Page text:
It is easy to see why the Greek tragedy “The Persians” is not performed very often: event-wise, nothing actually happens.

The play revolves around the Persian court anxiously awaiting the return of their leader, Xerxes, from the Battle of Salamis, where his impetuous orders have just caused the entire Persian army to perish at the hands of the Greeks.

In the opening scene, three members of the Persian council (Cambrian Thomas-Adams ’13, B.J. White ’13 and Faizaan Kisat ’12) are swathed in light as they stride purposefully across the stage, halting in front of a regally adorned table. Upon stopping, the councilmen proceed to discuss their predictions of the outcome of the Battle of Salamis. Their discussion begins to die down just as Queen Atossa (Ali Viterbi), mother of Xerxes and widow of the late king Darius, emerges from the palace to share a disturbing dream and seek the council’s advice. She is still present when a messenger arrives from Salamis to relay the terrible fate that has struck the Persian army. From this point onwards, the performance mostly consists of the messenger’s reenactment of the events leading up to the Persian defeat, sporadically accentuated by exclamations of shock and moments of grief.

In summary, bad news is forecasted, delivered and mourned at length — although a supernatural visit from Darius, Xerxes’ deceased father, throws in some spice about midway through.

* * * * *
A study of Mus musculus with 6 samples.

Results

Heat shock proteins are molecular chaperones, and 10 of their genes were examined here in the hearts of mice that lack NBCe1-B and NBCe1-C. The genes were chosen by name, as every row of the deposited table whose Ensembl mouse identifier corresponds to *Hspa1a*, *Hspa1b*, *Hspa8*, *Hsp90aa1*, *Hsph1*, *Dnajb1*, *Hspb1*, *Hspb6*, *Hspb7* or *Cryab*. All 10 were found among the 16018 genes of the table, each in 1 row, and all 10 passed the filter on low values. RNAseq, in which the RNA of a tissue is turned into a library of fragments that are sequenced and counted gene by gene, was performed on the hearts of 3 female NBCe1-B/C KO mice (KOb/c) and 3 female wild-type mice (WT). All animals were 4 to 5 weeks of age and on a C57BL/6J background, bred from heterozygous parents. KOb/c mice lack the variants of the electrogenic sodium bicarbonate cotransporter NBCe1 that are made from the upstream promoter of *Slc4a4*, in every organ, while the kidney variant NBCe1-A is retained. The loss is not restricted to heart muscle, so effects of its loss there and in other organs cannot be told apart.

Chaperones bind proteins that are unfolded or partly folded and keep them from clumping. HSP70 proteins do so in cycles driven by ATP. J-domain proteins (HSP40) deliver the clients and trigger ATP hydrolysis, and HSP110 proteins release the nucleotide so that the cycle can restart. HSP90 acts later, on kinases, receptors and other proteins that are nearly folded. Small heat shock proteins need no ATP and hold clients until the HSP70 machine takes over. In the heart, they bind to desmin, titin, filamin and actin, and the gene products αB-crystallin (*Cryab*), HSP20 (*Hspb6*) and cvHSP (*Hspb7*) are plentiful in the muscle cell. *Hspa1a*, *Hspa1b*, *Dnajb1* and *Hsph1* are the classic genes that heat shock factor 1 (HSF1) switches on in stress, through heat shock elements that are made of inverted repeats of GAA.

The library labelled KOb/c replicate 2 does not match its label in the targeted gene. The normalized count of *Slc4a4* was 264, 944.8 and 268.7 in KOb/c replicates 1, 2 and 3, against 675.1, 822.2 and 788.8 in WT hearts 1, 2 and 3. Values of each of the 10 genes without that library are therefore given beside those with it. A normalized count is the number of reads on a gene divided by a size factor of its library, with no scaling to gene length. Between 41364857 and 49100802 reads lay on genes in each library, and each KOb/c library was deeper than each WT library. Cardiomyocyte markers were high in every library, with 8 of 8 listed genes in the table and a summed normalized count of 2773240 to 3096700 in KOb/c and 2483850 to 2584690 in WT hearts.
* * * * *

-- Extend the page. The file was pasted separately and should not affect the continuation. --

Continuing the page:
Despite the fact that the plot remains stubbornly action-free, decent acting, well-planned staging and the unique contributions of an emphatic hand drum imbue the show with a spark of life.

Andrew Freeburg ’13 transitions between his three separate roles as the messenger, Darius and Xerxes with emphatic confidence and unfaltering strength of voice. Viterbi is slightly less compelling, as her grief-stricken reaction to the Persian defeat appears incoherent and somewhat forced. Nevertheless, every time she spoke, her voice was rife with conviction.

The drums in the background were compelling. Micah Hendler’s ’12 syncopated drum cadences maintain our interest during the otherwise drawn-out soliloquy at the play’s beginning. Hendler’s resounding drum sequences tend to override the actors’ voices, often rendering words inaudible, but they nevertheless capture the emotion of each scene and draw in the audience.

“The Persians” was originally written in the fifth century B.C. by the Greek playwright Aeschylus, and is regarded as the oldest surviving play in the history of Western literature. The staging of the play at Yale marks the debut performance of Ohio State Professor Stratos Constantinidis’ new translation of Aeschylus’ famous work.

“The Persians” will be performed at the Pierson-Davenport Auditorium on Friday, Nov. 4 at 3 p.m. Admission is free.